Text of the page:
This Café in Florida Is Dishing Out Opportunities for People With Autism

AP

When companies consider a diversified workplace they often default to a narrow definition of "diversity" or miss the mark entirely. In Florida, a coffee shop called Artistas Café is filling one of the largest gaps in equal opportunity, boasting a full staff of employees with autism. 

According to CBS, the café, located in a Tampa Mercedes-Benz dealership, is just one branch of Artistas Academy, an organization Vicky Westra founded in 2011 after learning in 2001 that her daughter Gabrielle was autistic. Worried about Gabrielle's future, Westra channeled her concern into action.

As baristas, Artistas Café's eight employees learn marketable skills, including how to prepare coffee and small snacks, operate the cash register and interact with customers.

Russell, an Artistas employee, said in a testimonial video on their website that the job has given him newfound independence. He said, "I pay for my own expenses. I pay for my own food, my own gas. I got a car — oh my gosh. I still can't believe that."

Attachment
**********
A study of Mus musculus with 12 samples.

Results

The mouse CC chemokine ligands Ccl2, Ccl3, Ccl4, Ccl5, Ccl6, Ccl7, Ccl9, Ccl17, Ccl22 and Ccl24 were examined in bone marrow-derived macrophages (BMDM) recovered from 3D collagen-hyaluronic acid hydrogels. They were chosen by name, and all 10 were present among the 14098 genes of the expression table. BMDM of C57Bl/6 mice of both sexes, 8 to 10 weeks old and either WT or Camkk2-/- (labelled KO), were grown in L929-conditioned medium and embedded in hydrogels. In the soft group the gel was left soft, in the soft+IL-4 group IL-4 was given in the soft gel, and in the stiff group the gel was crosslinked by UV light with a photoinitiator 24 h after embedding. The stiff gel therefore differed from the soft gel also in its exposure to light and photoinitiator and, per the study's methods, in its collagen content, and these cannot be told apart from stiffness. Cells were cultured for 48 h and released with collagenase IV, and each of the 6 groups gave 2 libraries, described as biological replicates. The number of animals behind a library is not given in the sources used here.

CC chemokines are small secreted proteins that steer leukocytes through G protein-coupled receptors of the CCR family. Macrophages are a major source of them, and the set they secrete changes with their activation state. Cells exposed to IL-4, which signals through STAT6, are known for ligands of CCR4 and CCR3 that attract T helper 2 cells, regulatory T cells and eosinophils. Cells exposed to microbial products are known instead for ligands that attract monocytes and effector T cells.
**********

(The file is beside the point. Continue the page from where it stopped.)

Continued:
Source: Laurie Stemm/YouTube

In Manila, Philippines, Puzzle Café opened in April — Autism Awareness Month — with a similar mission. On a larger scale, companies like Microsoft, Freddie Mac, Walgreens and German software company SAP have distinguished themselves by launching programs and partnering with organizations to hire full-time employees with autism. 

But there's a long way to go. According to Autism Speaks' 2012 report, the unemployment rate for autistic adults is about 85%, 17 times the national rate, which was 5% as of November.

Though this chart includes autism in the larger category of disability, it reveals a greater rate of unemployment for disabled persons among all other identity categories.  U.S. Bureau of Labor Statics/Autism Speaks

Many consider "disability" a misnomer when it comes to describing autism. Andrew Richards, a regular customer at Artistas Café, told CBS Artistas challenged his own misconceptions about the capability, or "uniquability" as Westra calls it, of people who fall on the autism spectrum. 

"The first thing that came to mind was they're less functional. They can't operate in society. No, that changed my opinion actually," Richards said. "I think these people have the capability just like any other normal people."